Exclusive: London mayor Boris Johnson scraps Pride reception
London mayor Boris Johnson is scrapping the usual London Pride mayoral reception.
The mayor usually holds a reception to mark London’s biggest gay festival but City Hall has decided to end receptions which are specific to minority groups.
Deputy mayor Richard Barnes announced the change at an LGBT engagement meeting last week.
Instead, he said that “borough community receptions” would be held and he would ensure the events have LGBT representation.
These receptions will be held for geographical areas of London rather than sections of the population. City Hall officials are still drawing up plans on how often they will be held.
Mr Johnson’s spokesman said the idea was to avoid divisions and said the mayor wanted to “bring people together rather than focusing on what is different”.
He said he could not yet confirm whether Mr Johnson would join the parade on July 3rd but said the mayor would be supporting the festival.
On the new receptions, he said: “The mayor wants to transform the way City Hall engages with London’s varied communities and is introducing a new programme of borough community receptions, with the aim of individuals being represented from as many different groups as possible, including LGBT Londoners.”
Mr Johnson faced criticism in 2008 for scrapping the LGBT advisory panel set up by his predecessor Ken Livingstone. He also cut funding for Soho Pride to divert money to tackle homophobic hate crime and withdrew the Greater London Authority from Stonewall’s list of the most gay-friendly employers.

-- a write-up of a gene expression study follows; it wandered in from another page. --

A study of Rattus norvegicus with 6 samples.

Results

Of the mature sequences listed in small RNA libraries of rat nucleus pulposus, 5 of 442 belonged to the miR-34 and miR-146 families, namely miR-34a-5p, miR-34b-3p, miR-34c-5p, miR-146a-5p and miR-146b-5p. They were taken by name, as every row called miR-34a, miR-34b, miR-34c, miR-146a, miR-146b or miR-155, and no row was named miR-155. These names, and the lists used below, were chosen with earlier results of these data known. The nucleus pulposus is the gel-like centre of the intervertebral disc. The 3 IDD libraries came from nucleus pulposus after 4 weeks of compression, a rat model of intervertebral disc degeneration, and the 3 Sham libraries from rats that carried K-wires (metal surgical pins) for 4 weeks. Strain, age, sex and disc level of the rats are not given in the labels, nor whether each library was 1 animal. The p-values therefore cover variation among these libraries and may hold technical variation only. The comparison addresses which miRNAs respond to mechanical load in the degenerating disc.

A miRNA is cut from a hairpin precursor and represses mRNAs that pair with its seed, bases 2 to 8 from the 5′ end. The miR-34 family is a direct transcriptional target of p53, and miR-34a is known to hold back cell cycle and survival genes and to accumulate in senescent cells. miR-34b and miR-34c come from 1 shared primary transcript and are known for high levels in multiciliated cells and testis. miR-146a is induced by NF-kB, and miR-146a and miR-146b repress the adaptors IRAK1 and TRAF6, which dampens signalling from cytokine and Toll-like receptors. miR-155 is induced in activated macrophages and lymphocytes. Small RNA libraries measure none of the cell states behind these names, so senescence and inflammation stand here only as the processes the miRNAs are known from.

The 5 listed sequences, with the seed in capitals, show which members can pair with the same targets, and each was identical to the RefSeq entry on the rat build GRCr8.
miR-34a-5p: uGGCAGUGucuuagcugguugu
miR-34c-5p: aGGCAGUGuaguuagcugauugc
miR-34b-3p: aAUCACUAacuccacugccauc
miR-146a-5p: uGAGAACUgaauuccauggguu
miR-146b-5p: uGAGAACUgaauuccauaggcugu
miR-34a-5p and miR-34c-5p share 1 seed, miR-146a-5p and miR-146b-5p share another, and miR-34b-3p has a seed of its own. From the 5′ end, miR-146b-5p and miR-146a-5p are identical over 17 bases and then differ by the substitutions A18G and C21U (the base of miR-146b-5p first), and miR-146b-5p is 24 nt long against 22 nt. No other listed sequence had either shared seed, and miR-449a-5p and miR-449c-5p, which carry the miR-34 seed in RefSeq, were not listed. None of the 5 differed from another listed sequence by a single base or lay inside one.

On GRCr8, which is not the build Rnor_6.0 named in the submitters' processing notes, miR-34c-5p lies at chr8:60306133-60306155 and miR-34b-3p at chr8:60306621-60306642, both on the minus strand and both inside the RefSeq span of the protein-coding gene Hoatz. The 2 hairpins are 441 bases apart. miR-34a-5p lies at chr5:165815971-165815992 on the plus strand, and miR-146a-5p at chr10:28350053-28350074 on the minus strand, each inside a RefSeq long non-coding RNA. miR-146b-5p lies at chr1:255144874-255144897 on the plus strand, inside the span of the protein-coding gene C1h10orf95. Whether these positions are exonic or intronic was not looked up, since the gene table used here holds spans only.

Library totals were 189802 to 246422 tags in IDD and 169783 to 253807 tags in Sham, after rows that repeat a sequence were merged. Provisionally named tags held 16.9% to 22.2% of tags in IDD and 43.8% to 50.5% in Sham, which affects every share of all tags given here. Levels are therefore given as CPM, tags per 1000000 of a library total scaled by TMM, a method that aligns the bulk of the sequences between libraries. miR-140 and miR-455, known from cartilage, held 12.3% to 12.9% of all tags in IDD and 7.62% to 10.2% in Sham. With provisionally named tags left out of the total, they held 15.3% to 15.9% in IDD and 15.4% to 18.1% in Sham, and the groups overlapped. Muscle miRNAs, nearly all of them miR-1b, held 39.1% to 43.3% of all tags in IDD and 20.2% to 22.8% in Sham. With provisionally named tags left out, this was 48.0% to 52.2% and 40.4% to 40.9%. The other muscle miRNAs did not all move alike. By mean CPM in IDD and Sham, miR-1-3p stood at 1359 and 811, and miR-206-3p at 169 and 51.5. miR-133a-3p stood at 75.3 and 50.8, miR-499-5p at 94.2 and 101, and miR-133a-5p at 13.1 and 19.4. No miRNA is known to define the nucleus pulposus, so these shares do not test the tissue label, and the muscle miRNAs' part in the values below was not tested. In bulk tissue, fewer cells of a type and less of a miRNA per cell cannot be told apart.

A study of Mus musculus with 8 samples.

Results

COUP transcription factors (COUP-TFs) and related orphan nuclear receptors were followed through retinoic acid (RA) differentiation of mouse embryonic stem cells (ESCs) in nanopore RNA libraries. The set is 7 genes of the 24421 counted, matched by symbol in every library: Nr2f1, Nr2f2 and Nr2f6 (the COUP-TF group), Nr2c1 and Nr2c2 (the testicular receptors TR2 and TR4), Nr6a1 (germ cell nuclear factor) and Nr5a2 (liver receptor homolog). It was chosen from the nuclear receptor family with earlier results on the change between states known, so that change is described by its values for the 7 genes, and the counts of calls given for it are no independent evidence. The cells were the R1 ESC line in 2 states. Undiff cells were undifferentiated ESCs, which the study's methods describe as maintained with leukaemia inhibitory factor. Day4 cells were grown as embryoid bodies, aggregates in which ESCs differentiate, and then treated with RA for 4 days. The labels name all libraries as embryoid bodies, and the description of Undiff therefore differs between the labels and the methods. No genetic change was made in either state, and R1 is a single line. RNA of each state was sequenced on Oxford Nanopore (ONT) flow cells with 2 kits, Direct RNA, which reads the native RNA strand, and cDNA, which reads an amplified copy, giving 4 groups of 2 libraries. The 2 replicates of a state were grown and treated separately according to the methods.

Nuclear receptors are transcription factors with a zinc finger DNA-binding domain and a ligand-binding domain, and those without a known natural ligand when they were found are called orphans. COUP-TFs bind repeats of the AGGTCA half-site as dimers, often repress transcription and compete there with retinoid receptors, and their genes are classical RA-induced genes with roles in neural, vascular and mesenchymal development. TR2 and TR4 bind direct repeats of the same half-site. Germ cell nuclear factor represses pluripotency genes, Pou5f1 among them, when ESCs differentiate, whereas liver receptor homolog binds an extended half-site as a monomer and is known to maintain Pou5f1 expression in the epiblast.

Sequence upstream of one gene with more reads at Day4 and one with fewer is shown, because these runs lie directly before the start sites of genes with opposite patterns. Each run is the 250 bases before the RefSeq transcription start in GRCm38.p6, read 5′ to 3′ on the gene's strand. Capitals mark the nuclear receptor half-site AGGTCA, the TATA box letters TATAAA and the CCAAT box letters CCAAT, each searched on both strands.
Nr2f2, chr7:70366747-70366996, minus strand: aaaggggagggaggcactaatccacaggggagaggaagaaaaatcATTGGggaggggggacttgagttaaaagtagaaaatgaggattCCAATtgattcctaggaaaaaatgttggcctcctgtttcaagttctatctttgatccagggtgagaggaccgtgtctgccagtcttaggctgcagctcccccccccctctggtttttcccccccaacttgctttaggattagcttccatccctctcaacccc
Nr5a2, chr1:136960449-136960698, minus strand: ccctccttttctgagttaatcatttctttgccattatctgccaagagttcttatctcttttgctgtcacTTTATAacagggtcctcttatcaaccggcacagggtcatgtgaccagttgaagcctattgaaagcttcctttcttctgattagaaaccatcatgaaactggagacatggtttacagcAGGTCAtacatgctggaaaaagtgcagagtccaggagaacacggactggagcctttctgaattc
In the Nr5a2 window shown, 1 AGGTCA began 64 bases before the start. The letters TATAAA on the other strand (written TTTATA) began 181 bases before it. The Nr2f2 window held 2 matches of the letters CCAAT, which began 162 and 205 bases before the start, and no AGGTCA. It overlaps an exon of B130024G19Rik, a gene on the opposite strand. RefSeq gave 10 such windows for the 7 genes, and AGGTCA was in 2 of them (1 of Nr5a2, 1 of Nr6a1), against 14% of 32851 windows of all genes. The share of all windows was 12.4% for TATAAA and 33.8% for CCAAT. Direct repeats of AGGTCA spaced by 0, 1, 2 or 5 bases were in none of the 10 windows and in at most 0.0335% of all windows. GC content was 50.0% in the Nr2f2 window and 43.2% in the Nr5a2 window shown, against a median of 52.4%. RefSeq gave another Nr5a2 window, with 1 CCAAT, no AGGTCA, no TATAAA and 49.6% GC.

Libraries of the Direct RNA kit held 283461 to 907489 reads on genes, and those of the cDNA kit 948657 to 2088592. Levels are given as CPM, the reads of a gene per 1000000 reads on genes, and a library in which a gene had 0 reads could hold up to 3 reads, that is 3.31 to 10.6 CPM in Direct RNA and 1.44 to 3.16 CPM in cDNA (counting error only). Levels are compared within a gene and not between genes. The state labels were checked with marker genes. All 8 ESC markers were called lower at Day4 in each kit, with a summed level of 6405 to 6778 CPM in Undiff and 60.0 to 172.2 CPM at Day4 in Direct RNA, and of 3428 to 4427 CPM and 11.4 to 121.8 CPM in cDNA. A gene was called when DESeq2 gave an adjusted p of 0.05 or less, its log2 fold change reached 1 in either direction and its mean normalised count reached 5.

Pride London spokesman Colm Howard-Lloyd told PinkNews.co.uk that the reception was “not under our control”.
“Things in the public sector are pretty tough right now but City Hall does still sponsor us a decent amount,” he added.
City Hall is the festival’s largest sponsor and is expected to give the event “roughly” £100,000 this year.
Mr Howard-Lloyd said the event costs are “roughly similar” each year and estimated 2010’s event to cost £300,000. Pride London has not yet published its 2009 financial reports.
According to minutes from last week’s meeting, Pride representative Stuart Sloane said the event was struggling to obtain funding from the major banks which usually sponsor it.
He said: “We’ve always had problems getting sponsors. I wouldn’t say there was a particular problem this year. It’s a solid amount. We have enough to hold the event.
“It would be fair to say we are still looking for sponsors.
“There is certainly no crisis – it would be libellous to say there was.”
Mr Howard-Lloyd added that there was a City Hall moratorium on such spending but he thought it would be “highly unlikely” that it would not sponsor next year’s event as the money came from tourism initiatives.
“We can prove return in cash terms,” he said.